What is Mediation?

Family mediation is a voluntuary process in which a trained, impartial mediator works at helping family members to communicate effectively and to make their own arrangements for the further, particularly for children.  Family Mediators do not take sides, make judgements or give guidance, but support people to make their own decisions about the future.  Mediation is different to the court-based system, with the help of a professional Mediator, you and your (ex) partner can come to your own decisions regarding your individual needs for your family.


Family mediation can work for all sorts of people, such as married and unmarried couples, parents, grandparents, step-parents and children.


Separating and managing children can be a stressful time and communication can break down.  Mediation can help with the following:

  • Comprehensive agreements: which covers all issues resulting from the separation including finance, parenting, accommodation etc.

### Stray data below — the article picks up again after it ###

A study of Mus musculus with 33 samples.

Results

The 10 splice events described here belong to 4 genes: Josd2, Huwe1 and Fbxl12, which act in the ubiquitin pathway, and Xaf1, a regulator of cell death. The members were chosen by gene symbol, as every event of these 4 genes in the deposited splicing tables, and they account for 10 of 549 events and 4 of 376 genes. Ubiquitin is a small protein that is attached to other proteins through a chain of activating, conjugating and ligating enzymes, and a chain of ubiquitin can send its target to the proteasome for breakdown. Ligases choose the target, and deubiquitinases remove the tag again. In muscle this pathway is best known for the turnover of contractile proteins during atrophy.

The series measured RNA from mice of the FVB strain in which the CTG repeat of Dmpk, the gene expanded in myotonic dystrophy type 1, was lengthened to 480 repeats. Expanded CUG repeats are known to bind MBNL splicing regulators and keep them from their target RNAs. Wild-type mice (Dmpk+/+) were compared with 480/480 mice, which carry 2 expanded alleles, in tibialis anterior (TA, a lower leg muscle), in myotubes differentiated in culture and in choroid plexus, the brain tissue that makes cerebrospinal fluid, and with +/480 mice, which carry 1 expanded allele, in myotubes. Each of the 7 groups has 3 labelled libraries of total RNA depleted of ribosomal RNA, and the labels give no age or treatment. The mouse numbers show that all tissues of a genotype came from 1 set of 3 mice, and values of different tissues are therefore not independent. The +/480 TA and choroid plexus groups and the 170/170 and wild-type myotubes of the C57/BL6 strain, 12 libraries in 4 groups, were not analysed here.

• Parenting agreements: which address joint parenting issues and support good parenting models.

  • Financial agreements: which covers the finance and assets of the couple.

  • Interim agreements: where the parties make an agreement for a specific time frame.

  • Partial agreements: which addresses a particular issue or issues.


Your Mediator will meet each family member individually where information is shared confidentially and options may be discussed.  Following these individual meetings a joint meeting will be arranged to suit both family members or former partners, this is the opportunity for discussions to take place in a safe, non-judgemental environment, options can be explored and where possible an agreement may be put in place.  Families may have to attend several mediation sessions to reach agreements.


Yes, Mediation is a totally confidential process between all parties.  Care is taken to protect confidentiality and no disclosure will be made without discussing the issues first.  The exemption to this is is if there is an urgent risk of harm.